Parents Can Now Buy Self-Driving Strollers For Their Children

Canadian company Gluxkind created Ella, the AI-powered self-driving stroller meant to serve as an extra set of eyes and hands for parents.

By Jennifer Hollohan | Published

self-driving stroller

We are watching technology advance at lightning speed. And now parents can get on the AI tech that is revolutionizing other industries. The latest news from the Consumer Electronics Show is that a self-driving stroller is right around the corner. 

Yes, as strange as it sounds, you did read that right. The high-tech stroller got unveiled at the recent CES in Las Vegas. Its creator, Gluxkind, even earned an Innovation Awards Honoree nomination for the unique creation.

Gluxkind is a Canadian baby gear company that got its start in 2020. Its signature self-driving stroller, the Ella AI Powered Smart Stroller, will officially go on sale in April. And while customers can add their names to a pre-order list, you may wonder why you should before deciding to put “pen to paper.”

The self-driving stroller features similar tech to what robots and autonomous vehicles use. According to CNN, “Like a Tesla with “Autopilot,” the Gluxkind’s stroller’s onboard technology has sensors that detect objects around it – but it’s meant to serve as an ‘extra pairs of eyes and an extra set of hands,’ according to the company’s website – not a replacement for a caregiver.” Additionally, it has a brake assist for downhill slopes and a dual motor to help when parents are walking uphill.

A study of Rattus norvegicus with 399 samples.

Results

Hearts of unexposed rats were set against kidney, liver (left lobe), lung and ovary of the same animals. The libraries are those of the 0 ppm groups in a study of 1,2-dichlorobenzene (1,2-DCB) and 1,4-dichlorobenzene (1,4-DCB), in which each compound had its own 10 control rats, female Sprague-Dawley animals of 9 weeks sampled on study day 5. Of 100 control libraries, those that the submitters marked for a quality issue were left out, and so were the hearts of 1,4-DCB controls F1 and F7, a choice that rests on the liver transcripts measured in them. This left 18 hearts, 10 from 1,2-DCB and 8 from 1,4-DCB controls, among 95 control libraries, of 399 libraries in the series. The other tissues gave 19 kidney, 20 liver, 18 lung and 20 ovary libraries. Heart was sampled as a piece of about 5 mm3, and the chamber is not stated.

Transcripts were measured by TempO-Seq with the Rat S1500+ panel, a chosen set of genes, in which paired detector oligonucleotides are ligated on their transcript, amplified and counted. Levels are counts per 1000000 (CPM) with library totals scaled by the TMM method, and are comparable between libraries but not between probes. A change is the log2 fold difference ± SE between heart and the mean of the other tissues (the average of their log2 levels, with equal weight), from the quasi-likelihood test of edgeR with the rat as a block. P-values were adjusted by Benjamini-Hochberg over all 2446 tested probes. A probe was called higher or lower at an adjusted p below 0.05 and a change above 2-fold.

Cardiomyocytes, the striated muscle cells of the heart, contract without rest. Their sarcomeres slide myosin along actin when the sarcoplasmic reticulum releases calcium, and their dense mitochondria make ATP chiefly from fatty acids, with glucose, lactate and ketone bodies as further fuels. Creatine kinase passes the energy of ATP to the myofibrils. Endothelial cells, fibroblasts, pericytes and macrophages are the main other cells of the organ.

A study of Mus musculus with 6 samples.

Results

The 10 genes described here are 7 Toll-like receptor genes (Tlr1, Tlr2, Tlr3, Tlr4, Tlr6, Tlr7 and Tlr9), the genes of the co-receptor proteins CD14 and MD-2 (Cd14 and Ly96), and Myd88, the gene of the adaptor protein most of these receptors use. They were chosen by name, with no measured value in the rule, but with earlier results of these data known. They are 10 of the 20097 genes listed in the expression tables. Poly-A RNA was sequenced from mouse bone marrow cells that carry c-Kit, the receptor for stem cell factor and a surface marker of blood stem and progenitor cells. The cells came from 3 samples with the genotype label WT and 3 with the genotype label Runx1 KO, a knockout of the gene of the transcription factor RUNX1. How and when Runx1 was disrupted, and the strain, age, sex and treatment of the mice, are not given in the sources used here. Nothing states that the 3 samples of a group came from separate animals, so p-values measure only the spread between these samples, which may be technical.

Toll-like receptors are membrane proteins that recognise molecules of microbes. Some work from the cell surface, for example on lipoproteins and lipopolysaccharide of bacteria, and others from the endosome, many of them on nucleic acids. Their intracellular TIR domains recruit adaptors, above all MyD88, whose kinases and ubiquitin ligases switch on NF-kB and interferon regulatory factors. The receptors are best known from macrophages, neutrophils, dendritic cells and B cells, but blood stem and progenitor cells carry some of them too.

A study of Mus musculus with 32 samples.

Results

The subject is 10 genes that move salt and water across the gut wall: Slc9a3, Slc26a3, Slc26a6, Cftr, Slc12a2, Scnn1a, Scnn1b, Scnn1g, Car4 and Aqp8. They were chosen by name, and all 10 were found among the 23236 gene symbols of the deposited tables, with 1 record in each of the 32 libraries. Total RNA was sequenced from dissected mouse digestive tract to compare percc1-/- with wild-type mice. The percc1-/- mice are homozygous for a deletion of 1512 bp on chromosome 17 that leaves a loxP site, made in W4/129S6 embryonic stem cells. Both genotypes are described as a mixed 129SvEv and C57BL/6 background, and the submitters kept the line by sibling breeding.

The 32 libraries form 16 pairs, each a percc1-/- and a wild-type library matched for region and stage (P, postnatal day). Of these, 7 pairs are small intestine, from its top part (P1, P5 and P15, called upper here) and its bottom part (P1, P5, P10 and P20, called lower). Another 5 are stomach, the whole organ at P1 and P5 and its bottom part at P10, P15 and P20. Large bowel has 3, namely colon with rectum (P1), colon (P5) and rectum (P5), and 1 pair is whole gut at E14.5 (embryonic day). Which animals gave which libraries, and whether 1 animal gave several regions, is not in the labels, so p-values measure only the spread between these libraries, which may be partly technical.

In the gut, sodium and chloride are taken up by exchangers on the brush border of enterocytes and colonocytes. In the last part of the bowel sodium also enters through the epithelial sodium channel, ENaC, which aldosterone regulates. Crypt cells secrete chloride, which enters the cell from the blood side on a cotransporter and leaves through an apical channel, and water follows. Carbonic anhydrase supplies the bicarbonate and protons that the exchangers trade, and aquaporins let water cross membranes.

It comes equipped with multiple cameras so it can keep an eye on the surroundings. But that’s not all. The self-driving stroller also has a white noise machine and an “Automatic Rock-My-Baby” feature. 

So, when your new self-driving stroller isn’t cruising the streets on its own, it can help soothe your anxious child. Even so, settling your baby or toddler into an AI-powered stroller may not appeal to some parents. And the founders of Gluxkind understand.

And that is why they programmed the self-driving stroller to only work when a child is not inside, which is comforting news. The company even created a YouTube video highlighting how the innovative stroller works to help alleviate parental fears. One example is when a little one wants to ride in mom or dad’s arms.

When that happens, the self-driving stroller works by itself. That way, the parent only has to worry about their child. And not the stroller. The video also showed a case of a runaway stroller, which applies the brakes automatically.

If you’ve decided you absolutely need a self-driving stroller, here’s a few things to know. The Ella stroller isn’t cheap. It will set you back $3,300. 

But…for that investment, you are not only getting the fancy, high-tech stroller. Instead, it comes complete with an infant bassinet, car seat, and toddler seat. Also, keep in mind that it weighs 30 pounds, which is not light.

It may help to know that the creators of Ella spent a lot of time designing it with parents in mind, which is good news. The CPO, Anne Hunger, issued a press release last November that discussed the thought and effort behind the self-driving stroller. Hunger said, “The development has been driven by our own experience as new parents.”